Porcupine’s annual conference and AGM takes place over the weekend of Saturday/Sunday with a two-day conference of talks and posters at Plymouth University, followed by a field meeting nearby at Wembury on Monday [low tide 0.7m @ 12:30].
The central theme for talks and posters is Marine Species Biology.
The conference is for anyone interested in the science and natural history of marine life. Biological observations are invited - please bring along your interesting/unexplained/new observations of species biology and ecology.
Confirmed conference speakers
- Paul Naylor – The lives and times of tompot blennies, and other intriguing tales
- Matt Doggett – The black bream project: studying breeding behaviour using remote cameras
- Cathy Lucas – Are jellyfish blooms born of the elusive polyp?
- Dave Conway – Parasites in the plankton: life cycles and adaptations
- Bernard Picton – New species of nudibranchs and their food
- Anne Bunker – Cladophora species and their biology
- Gordon Watson – Lugworm reproductive biology
- Nick Higgs – Whale fall experiments and bone worms
- Emma Sheehan – Lyme Bay scallops: impacts of dredging ban and storms
- Francis Bunker – New species of maerl
- Martin Openshaw – Undulate ray project update
- Mark Ward – Educational advances using ICT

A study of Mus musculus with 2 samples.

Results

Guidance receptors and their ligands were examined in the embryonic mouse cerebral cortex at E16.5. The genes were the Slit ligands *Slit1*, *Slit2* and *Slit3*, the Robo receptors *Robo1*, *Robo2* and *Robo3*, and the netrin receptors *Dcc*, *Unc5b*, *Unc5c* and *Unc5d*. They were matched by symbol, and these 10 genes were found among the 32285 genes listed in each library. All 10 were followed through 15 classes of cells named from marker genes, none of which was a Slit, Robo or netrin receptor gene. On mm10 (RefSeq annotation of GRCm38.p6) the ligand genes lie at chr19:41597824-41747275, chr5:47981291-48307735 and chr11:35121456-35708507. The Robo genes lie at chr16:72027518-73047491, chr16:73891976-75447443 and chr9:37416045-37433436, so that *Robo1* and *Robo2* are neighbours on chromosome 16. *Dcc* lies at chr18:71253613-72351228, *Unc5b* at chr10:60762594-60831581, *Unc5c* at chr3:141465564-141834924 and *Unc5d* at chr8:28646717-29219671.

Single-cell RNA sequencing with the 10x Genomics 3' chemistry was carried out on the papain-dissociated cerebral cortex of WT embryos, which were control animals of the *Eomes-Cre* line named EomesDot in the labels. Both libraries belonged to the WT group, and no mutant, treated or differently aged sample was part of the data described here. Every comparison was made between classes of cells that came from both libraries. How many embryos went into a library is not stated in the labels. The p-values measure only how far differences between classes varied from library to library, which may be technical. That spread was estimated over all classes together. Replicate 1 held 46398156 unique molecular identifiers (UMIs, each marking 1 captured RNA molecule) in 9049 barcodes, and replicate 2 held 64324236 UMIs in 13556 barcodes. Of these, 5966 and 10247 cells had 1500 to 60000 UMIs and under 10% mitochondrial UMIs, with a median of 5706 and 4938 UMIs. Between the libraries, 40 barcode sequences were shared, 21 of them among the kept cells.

- Porcupine field meeting to the Hebridean islands in the Staffa Archipelago
- Peter Barfield – Marine species biology: your recent observations
- Mike Kent
– Where's Onchi? A look at the occurrence of Onchidella celtica and its role as a climate change indicator species
- Andy Mackie – Hermit worms: Neanthes fucata
- Doug Herdson
Anchovies and Bonitos in the English Channel
- Becky Hitchin – Arctica islandica: assessing potential impacts to this slow growing bivalve
- Charlotte Bolton and Paul Kay
Seasearch discoveries 2016
- Emily Priestley - Porcupine field meeting to the Staffa archipelago in 2016
- Nick Owen
photographing Maxmuelleria lankesteri
This conference is sponsored by the Plymouth University Marine Institute and the Marine Biological Association of the UK.
All are welcome to attend but ticket booking is required via the above link. The field trip will be taking place at Wembury and will incur a charge of £5 (payable at the conference). Places on the field trip are limited and need to be booked in advance via Eventbrite.
About the Porcupine Marine Natural History Society
The PMNHS is an informal society interested in marine natural history and recording, particularly in the North East Atlantic region and the Mediterranean Sea. The name “Porcupine” is taken from the naval survey vessel HMS Porcupine which was engaged on scientific expeditions in the North East Atlantic and Mediterranean in 1869 and 1870.
PMNHS aims to: promote a wider understanding of the biology, ecology and distribution of marine organisms; stimulate interest in marine biodiversity, especially in young people, and encourage interaction and exchange of information between those with interests in different aspects of marine biology, amateur and professional alike.
Find out more about the Porcupine Marine Natural History Society.